Ideal pack weight varies from person to person
You're ready to backpack the Appalachian Trail, or maybe the Pacific Crest Trail. Either way, you might be hiking 12 miles a day or more, so your backpack must be carefully packed so it doesn't weigh you down.
Know How Much Weight You Can Carry
Keep in mind there is no exact formula for figuring out an ideal weight. Each individual must experiment with different weights. If someone carries a load 15 pounds too heavy for them, their trip will be spent struggling to heave the pack.
First you have to calculate your ideal carrying weight. Your physical condition is one of the most defining factors.
"Someone who weighs 100 pounds will not carry the same as someone who weighs 200 pounds," said Pete Linkroum, an admissions advisor for Outward Bound.
And likewise, someone who is 200 pounds and in superior physical condition will be able to carry more than a 200-pound person in poor physical condition.
The climate of the area is also a component in how much to carry.
"Know the terrain you will be in," Linkroum said. Hot, humid weather will make carrying a heavy load harder, whereas cool, dry weather will make carrying a pack of the same weight easier to handle.
Linkroum also believes that not only is the climate important, but how a person moves in that climate is a factor. Constantly drinking water, dressing appropriately, moving deliberately and not wasting excess energy are a few tips he gives for maneuvering through any terrain.
Know How to Pack Light
Using the "pack light philosophy," a creed developed by Charles Lindsey, author of Backpack Lightly, people must first "scrutinize packing habits in order to fine-tune minimum packing needs and second, aggressively seek out the smallest, lightest-weight, highest-quality gear solutions available."
Linkroum agreed, adding, "Pack only what you absolutely need."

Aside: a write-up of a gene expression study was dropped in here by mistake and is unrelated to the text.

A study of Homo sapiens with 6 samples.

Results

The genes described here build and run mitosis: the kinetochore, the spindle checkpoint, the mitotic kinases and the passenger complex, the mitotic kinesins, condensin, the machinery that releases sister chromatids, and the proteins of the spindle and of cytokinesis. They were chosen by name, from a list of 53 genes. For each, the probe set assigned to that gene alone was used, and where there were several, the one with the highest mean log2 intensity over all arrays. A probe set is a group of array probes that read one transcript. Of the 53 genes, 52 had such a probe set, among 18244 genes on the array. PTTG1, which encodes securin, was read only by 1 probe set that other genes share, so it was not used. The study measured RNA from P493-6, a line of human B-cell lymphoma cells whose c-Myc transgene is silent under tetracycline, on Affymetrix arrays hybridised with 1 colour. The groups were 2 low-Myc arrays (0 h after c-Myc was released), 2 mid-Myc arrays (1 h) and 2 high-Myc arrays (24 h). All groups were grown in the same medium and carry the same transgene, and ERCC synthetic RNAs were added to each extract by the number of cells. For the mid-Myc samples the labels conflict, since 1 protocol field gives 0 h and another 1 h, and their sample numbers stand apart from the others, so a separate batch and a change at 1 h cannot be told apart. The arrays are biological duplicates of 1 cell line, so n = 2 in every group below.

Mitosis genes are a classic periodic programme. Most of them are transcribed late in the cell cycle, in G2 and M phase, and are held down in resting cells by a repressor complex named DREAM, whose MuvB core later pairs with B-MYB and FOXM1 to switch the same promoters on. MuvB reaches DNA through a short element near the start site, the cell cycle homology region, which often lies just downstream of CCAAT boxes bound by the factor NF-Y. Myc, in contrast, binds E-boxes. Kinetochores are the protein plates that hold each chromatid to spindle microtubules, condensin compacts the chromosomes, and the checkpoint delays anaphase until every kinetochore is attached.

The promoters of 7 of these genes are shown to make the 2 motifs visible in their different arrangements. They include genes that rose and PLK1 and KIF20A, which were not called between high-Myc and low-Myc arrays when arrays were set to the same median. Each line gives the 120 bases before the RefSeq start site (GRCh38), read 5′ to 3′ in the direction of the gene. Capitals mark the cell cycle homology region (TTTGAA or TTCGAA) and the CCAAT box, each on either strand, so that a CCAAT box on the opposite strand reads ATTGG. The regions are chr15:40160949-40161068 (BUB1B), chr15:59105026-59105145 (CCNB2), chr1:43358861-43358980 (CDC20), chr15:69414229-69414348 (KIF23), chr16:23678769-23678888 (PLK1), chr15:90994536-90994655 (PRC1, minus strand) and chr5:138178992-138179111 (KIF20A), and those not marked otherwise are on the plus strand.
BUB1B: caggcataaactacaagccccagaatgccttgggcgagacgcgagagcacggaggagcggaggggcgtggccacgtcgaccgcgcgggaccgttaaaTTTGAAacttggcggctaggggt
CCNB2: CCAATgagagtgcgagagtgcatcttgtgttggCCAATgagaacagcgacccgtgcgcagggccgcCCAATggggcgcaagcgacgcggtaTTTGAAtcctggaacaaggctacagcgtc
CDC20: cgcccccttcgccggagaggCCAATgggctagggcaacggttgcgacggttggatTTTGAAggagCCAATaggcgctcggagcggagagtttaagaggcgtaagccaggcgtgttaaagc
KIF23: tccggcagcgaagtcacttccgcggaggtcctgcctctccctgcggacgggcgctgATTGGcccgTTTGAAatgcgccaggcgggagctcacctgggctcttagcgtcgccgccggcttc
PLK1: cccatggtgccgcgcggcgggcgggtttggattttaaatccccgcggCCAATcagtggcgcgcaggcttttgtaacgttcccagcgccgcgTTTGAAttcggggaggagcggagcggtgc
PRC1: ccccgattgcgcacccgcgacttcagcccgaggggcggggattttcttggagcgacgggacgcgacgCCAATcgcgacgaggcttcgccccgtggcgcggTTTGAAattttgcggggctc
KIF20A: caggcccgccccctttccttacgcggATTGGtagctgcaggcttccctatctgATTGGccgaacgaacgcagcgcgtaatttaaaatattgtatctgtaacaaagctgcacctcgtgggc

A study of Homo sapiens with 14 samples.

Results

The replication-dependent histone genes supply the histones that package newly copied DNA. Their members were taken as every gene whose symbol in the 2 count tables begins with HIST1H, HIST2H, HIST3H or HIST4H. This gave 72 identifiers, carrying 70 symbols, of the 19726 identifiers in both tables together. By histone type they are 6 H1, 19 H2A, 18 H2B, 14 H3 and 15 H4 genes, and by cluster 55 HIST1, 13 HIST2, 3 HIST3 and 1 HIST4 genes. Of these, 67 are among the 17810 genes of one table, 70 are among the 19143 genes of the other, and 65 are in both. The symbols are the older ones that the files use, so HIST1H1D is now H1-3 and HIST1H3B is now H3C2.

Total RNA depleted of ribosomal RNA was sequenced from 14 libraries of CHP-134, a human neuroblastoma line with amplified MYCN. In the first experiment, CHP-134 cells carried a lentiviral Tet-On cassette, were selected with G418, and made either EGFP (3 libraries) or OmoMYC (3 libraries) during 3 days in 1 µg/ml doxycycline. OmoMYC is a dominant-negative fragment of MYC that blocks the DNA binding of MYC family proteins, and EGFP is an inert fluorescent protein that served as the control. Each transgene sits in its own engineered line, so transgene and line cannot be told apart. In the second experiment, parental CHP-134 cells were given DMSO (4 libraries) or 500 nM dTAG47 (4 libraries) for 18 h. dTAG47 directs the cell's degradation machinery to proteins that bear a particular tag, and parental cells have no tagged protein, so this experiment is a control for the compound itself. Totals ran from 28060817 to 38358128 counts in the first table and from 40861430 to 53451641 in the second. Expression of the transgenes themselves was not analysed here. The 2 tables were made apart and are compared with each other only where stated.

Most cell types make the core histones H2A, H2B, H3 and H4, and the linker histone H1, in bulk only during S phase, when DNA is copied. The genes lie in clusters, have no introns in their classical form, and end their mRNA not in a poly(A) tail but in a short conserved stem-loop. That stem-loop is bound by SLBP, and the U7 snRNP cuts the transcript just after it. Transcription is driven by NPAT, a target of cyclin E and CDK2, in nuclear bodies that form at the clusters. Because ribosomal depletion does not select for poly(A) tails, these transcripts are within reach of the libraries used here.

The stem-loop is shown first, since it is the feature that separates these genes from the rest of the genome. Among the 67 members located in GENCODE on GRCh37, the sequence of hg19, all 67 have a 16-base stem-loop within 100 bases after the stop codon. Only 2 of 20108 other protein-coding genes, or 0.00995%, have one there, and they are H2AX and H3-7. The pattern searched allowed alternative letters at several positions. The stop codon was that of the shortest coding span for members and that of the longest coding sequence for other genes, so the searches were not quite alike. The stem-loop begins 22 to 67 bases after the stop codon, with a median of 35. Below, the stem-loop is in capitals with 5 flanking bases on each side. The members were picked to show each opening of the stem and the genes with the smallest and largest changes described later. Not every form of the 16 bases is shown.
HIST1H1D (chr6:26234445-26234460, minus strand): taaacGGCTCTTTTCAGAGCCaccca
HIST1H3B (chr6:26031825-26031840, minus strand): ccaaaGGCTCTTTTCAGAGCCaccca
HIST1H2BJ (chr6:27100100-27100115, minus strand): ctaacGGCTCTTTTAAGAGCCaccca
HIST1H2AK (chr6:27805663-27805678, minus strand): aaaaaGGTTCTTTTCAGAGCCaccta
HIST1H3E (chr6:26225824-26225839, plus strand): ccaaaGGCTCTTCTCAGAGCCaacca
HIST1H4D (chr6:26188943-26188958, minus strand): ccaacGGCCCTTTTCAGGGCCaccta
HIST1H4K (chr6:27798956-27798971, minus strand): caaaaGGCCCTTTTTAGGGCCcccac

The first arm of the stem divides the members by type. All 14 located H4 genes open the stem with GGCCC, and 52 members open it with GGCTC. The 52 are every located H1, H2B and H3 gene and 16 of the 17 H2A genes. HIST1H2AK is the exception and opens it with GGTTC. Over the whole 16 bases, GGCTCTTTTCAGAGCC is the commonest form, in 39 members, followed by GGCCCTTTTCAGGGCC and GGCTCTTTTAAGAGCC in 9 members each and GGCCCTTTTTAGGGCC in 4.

To start the process of packing, Lindsey said, "Select the items of gear that are absolutely necessary and have unduplicated functionality, then start your search for its smallest and lightest manifestation."
Using all "lightweight" or "ultra-light" gear is not enough when trying to lighten your load.
One way to save more room in your pack is to look for "multiple functionality" in gear. Some of these items include:
Swiss army knife
duct tape/bandage wrap
sleeping bags/emergency stretcher
hiking poles/avalanche probe
wax as fire starter
dental floss/sewing thread
tent pegs-piercing tools
skewers to cook food
Ziploc bags/carrying containers
By using these items that can serve several different purposes, you can leave other equipment at home.
There are at least a dozen more ways to shave off weight in your backpack. Here is a quick list of weight-saving tips:
Find a 3-pound pack, 2-pound sleeping bag, and 3-pound tent.
Use titanium for pots, stoves, tent pegs, or anything else metal.
Carry only the amount of water you need because water is very heavy.
Fill your stuff sack with extra clothing for a pillow.
Mete out appropriate portions of bug spray, medicines and stove fuel.
Use sand as a scouring pad for pans.
Use lightweight water shoes for camp shoes.
Use lighter candle or oil lamps instead of batteries.
Replace heavy alkaline batteries with lithium batteries.
Use multi-functional gear.
Use ultra-light lexan utensils.
Blacken cooking pots to absorb heat faster.
Bring sugarless drinks sugar is heavy.
Eat heavy foods first.
Both Lindsey and Linkroum stress the importance of considering what the ideal packing weight is for each individual. What might be the right weight for one person for seven days might be too much for someone of a smaller size and in less superior physical condition.
Carrying too heavy of a load can lead to backaches. Once you determine how much you can carry, the trip will be much more enjoyable. Instead of worrying about the load on your back, you can concentrate on what's most important: the sights around you.